Minneapolis Obstruction of Legal Process Lawyer

OBSTRUCTION OF LEGAL PROCESS is a serious crime in the State of Minnesota. If you, or someone you know is charged with a crime, please call Minnesota criminal defense lawyer Barry McKee for a FREE CONSULTATION.


What is Obstruction of Legal Process?

Minnesota Statutes 609.50 Subdivision 1 defines Obstruction of Legal Process this way:


Whoever does any of the following may be guilty of obstruction of legal process:

(1) obstructs, hinders, or prevents the lawful execution of any legal process, civil or criminal, or apprehension of another on a charge or conviction of a criminal offense;

(2) obstructs, resists, or interferes with a peace officer while the officer is engaged in the performance of official duties;

(3) interferes with or obstructs a firefighter while the firefighter is engaged in the performance of official duties;

(4) interferes with or obstructs a member of an ambulance service personnel crew attempting to provide, emergency care; or

(5) by force or threat of force endeavors to obstruct any employee of the Department of Revenue while the employee is lawfully engaged in the performance of official duties for the purpose of deterring or interfering with the performance of those duties.

Minnesota courts have further defined what the terms “obstructs,” “hinders,” and “prevents” mean.


What are the potential legal consequences of a conviction for Obstruction of Legal Process?

The answer to this question depends on the severity of the obstruction charge. The maximum penalty if the charge is a serious felony is imprisonment for not more than five years or to payment of a fine not more than $10,000, or both. If the act of obstruction is accompanied by violence or the threat of violence the case can be charged as a gross misdemeanor which carries a possible fine of $3,000 and a jail sentence of up to one year. In all other Obstruction cases, the case will be charged as a Misdemeanor. Misdemeanor Obstruction of Legal Process carries a penalty of “no more than 90 days jail and a fine of no more than $1000, or both.”


What are the other (extra-legal) consequences of an Obstruction of Legal Process conviction?

A person convicted of Obstruction of Legal Process is often ordered to undergo anger and chemical use assessment and/or treatment.  In addition the judge will order probation for a term of at least a year and possibly five years. If you’re convicted of Obstruction of Legal Process, then the conviction will be noted on your criminal record and may show up on background checks and negatively affect employment.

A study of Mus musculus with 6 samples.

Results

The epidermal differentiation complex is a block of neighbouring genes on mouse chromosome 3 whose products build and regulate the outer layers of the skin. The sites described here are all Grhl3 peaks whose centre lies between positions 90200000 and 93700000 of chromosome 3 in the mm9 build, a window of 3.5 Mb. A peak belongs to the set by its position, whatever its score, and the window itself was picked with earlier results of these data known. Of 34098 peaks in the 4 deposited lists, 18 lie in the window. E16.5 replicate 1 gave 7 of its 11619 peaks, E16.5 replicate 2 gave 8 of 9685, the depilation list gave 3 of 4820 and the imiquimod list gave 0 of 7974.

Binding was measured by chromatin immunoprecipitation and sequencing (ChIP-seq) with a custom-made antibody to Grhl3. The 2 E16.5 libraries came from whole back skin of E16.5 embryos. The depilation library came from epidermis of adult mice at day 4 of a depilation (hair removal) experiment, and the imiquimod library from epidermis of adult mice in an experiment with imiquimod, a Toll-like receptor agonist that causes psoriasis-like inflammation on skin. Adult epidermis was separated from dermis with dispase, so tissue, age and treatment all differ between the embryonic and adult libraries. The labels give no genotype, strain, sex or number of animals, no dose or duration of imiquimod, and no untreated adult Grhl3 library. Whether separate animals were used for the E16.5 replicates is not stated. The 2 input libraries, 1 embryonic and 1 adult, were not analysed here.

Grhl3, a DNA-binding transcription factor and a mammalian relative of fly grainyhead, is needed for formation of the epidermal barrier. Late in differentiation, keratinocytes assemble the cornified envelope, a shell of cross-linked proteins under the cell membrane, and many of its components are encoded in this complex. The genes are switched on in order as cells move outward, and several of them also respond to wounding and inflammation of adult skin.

What are the defenses to Obstruction of Legal Process?

Minnesota’s Obstruction of Legal Process law requires the state prove that the act of “obstruction” was intentional. A negligent interference with an officer performing his or her duties is not obstruction of legal process. In addition there may be a statute of limitations defense. Was your case timely filed? If you want to find out call criminal defense lawyer Barry McKee. There are numerous other constitutional and/or statutory defenses that may be raised in an Obstruction of Legal Process case. See Defenses for a more detailed list.


Why should you contact Minnesota Obstruction of Legal Process Lawyer Barry McKee today?

Obstruction of Legal Process can be a serious offense. Defending an obstruction case usually requires the help of an experienced criminal defense attorney. The police sometimes use the obstruction statute as a catchall charge and arrest a person for obstruction even where no crime has been committed. As long as a person’s conduct does not “obstruct, hinder, or prevent,” officials from performing their duties, no crime has occurred.


As your Obstruction of Legal Process attorney, the first thing Barry McKee will do is move to protect your constitutional rights. Not all evidence is admissible and any evidence improperly obtained by the police should be suppressed.


You are “presumed innocent” until the state “proves you guilty beyond a reasonable doubt.” Criminal Attorney Barry McKee will make sure that the state uses only legally admissible evidence and suppress all other evidence so that it cannot be use against you. He will also compel the state to prove each and every element of the Obstruction of Legal Process charge against you if the state wants to convict you.


Finally, if the case goes to trial, then you will definitely need the help of an experienced criminal trial lawyer. Obstruction of Legal Process cases often come down to the testimony of the police officer verses the testimony of the individual arrested. In such cases it’s very important to have a skilled, aggressive and experienced Obstruction of Legal Process defense attorney who knows how to cross-examine police officers.


Time is of the essence in these matters. If you, or someone close to you, is been charged with Obstruction of Legal Process please don’t wait to take action. Contact criminal defense lawyer Barry McKee so he can help you.